Greenpeace Aotearoa’s message to Prime Minister-elect Christopher Luxon is that starting new oil and gas exploration in the middle of a climate crisis is a crime against life on Earth, and the people of Aotearoa will rise up against it, just like we did before.

The environmental heavyweight is pledging to oppose the move and has launched an open letter to the oil industry, signalling that it would be a mistake for them to take up Luxon’s ill-considered invitation as they will face sustained civil society resistance again.

Greenpeace Aotearoa executive director Dr. Russel Norman, says, “We congratulate Prime Minister-elect Christopher Luxon and the National Party on their election result, but based on the collection of policies we’ve seen from National, Act and NZ First, this new National-led Government could be a giant leap backwards when it comes to critical climate action.”

“There are a range of retrograde policy changes in the pipeline, but it’s Prime Minister-elect Christopher Luxon’s horror promise to repeal New Zealand’s ban on new offshore oil exploration which is most regressive.” 

The International Energy Agency has been very clear that if we are to avoid catastrophic climate change, there cannot be more oil and gas exploration. Fatih Birol, the IEA’s executive director, said in 2021: ‘If governments are serious about the climate crisis, there can be no new investments in oil, gas and coal, from now – from this year.’

“Everyone deserves to have a thriving ocean without the risk of catastrophic oil spills. Everyone has the right to a stable climate and a future in which Earth can sustain life in all its diversity. Restarting oil exploration puts all that at risk,” says Norman.

“New Zealanders fought long and hard to stop oil exploration, and they’re proud of that win in a similar way that they’re proud of New Zealand’s nuclear-free status. So I’d say to the next Government, it’s time to get serious about climate change, and I’d say to the oil industry, if they think that they’re going to take Luxon’s ill-considered invitation seriously, they should think again. 

“If oil companies return to Aotearoa, they will face sustained and determined resistance. The last battle took nearly a decade as Greenpeace and thousands of others fought alongside iwi and hapū to repel oil company after oil company and secure the ban. Oil companies walked away with nothing but bills.”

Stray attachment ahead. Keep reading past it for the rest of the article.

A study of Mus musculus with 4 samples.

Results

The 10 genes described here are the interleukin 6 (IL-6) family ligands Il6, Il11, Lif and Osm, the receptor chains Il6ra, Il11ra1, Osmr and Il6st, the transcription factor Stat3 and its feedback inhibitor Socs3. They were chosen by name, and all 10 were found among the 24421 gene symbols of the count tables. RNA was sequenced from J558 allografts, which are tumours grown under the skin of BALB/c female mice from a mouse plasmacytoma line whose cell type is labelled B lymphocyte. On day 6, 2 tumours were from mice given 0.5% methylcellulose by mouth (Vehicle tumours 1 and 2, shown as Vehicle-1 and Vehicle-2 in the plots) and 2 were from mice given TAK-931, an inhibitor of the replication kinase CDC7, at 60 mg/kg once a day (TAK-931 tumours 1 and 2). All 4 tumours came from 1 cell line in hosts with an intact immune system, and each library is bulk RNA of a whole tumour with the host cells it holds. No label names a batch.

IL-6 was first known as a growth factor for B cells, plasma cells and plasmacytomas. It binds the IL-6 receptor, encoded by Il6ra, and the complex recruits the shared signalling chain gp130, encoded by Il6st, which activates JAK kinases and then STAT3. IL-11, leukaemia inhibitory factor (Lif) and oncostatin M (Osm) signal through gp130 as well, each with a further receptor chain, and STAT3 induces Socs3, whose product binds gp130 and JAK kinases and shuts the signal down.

Incoming Prime Minister Christopher Luxon has promised to overturn New Zealand’s ban on offshore oil and gas exploration and raid Treasury’s Climate Emergency Response Fund for tax cuts. His likely coalition partner Act has said similar, as well as pledging to get rid of New Zealand’s Zero Carbon Act and Climate Change Commission and further delay action on regulating agricultural emissions, which is New Zealand’s biggest source of climate pollution. 

“As it stands, Luxon’s likely coalition of climate chaos would pour more fuel on the climate fire, not only by overturning the oil and gas ban but also by delaying action on the country’s most significant climate polluter – the intensive dairy industry,” says Norman.

Since the ban on oil exploration was won, Greenpeace Aotearoa has made the dairy industry its primary focus as New Zealand’s biggest climate polluter.

Despite its clean green image, New Zealand is one of the world’s highest per-capita greenhouse gas emitters. The agriculture industry accounts for 50% of the country’s climate emissions, with the dairy industry alone accounting for half of that.

The country’s biggest dairy company, Fonterra, has recently been named New Zealand’s biggest climate polluter for the third consecutive year.

“Successive Governments, including Ardern’s Labour-led Government, have failed to take any meaningful action to cut climate pollution from the dairy industry, but that cannot continue. Greenpeace will continue to push hard for strong regulation of the dairy industry and to protect the oil and gas exploration ban,” says Norman.